Yesterday someone filed a bug against some free software I maintain.
Within 3 months it's the second support request filed, which isn't alot by standards of Commercial or mainstream OpenSource, but it's more than usual. In-fact I'm not sure there has been a bug report prior on this miniscule project, and this software is edging close to being 4 years old.
It's inevitable that if you write software, issues regarding it's existing and potential new use-cases will be raised. You can always refuse to fix issues, but if it's OpenSource then someone else might become motivated to exercise the license, providing the benefits the original author refused to.
In this case, my software is a plugin to a popular OpenSource CMS which uses HTML, CSS, JS to display content to users, but the advice and blog post is to cover any software.
The first bug report was mildly infuriating. No details were provided, other than "doesn't work", but my software had been reported as 3-stars. I reported the review as it was dishonest and I felt had been completed someone who bore no consequence. I'd gone to some effort, although not a professional and polished product to share a thing. It was a vast improvement on the original in terms of styling. This person eventually updated me that they had broken the software my software integrates with, and apologised.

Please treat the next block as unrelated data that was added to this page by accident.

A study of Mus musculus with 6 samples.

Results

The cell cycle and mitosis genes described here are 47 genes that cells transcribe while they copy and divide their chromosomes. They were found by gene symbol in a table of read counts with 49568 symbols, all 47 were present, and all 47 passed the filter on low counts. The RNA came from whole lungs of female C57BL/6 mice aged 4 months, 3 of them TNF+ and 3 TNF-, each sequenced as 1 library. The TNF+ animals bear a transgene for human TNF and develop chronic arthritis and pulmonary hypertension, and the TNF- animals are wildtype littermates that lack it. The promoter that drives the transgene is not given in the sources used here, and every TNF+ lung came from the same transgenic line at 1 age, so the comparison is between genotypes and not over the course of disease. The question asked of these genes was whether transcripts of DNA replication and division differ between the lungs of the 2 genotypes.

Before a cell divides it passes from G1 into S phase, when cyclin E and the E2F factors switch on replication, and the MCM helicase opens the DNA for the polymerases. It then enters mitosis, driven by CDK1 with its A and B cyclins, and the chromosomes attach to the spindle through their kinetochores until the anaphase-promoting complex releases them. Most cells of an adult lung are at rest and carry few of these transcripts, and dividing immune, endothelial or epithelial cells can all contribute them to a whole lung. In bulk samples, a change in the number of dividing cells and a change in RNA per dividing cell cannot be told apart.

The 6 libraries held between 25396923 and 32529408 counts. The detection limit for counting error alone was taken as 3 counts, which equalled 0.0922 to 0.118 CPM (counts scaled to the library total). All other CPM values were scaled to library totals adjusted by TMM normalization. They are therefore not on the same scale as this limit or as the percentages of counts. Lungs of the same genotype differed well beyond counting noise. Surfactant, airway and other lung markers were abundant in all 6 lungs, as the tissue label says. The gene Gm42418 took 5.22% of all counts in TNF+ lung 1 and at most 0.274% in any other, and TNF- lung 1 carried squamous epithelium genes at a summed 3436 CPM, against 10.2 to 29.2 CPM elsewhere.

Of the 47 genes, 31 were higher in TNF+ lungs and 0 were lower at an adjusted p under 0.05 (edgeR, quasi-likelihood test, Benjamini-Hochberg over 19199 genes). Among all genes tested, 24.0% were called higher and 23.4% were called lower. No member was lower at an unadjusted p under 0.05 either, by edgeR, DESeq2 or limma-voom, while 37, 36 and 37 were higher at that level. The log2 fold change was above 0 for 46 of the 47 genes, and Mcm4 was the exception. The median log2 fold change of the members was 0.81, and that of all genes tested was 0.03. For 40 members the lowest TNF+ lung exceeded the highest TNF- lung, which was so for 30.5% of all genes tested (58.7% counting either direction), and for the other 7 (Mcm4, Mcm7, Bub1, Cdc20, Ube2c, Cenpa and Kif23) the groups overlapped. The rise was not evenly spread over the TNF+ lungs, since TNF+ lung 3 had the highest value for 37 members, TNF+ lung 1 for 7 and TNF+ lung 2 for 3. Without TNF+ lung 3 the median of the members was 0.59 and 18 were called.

I wish it were easier to be a better software user. I wish we taught children and young adults how to ask for help and report problems. I'm sure some of us intuitively know this stuff, but actually, I've been on the other side of this, and I know adults still on the other-side, unaware of how to change and improve.
- What does your situation look like?
- What is your desired outcome?
- Is your desired outcome documented anywhere?
- Is there anything you can practically do, or communicate to help move the issue forward as a reporter?
The only bug I ever filed against a web-browser was about deceptive whitespace that confused a user learning how to code.
I filed several issues against other projects where I didn't think enough about my desired outcome, the situation that led to the outcome, or if what I wanted was documented anywhere, and in cases I've been a passenger, or critic, not helping to advance past perceived problems, or wishes for things to be different.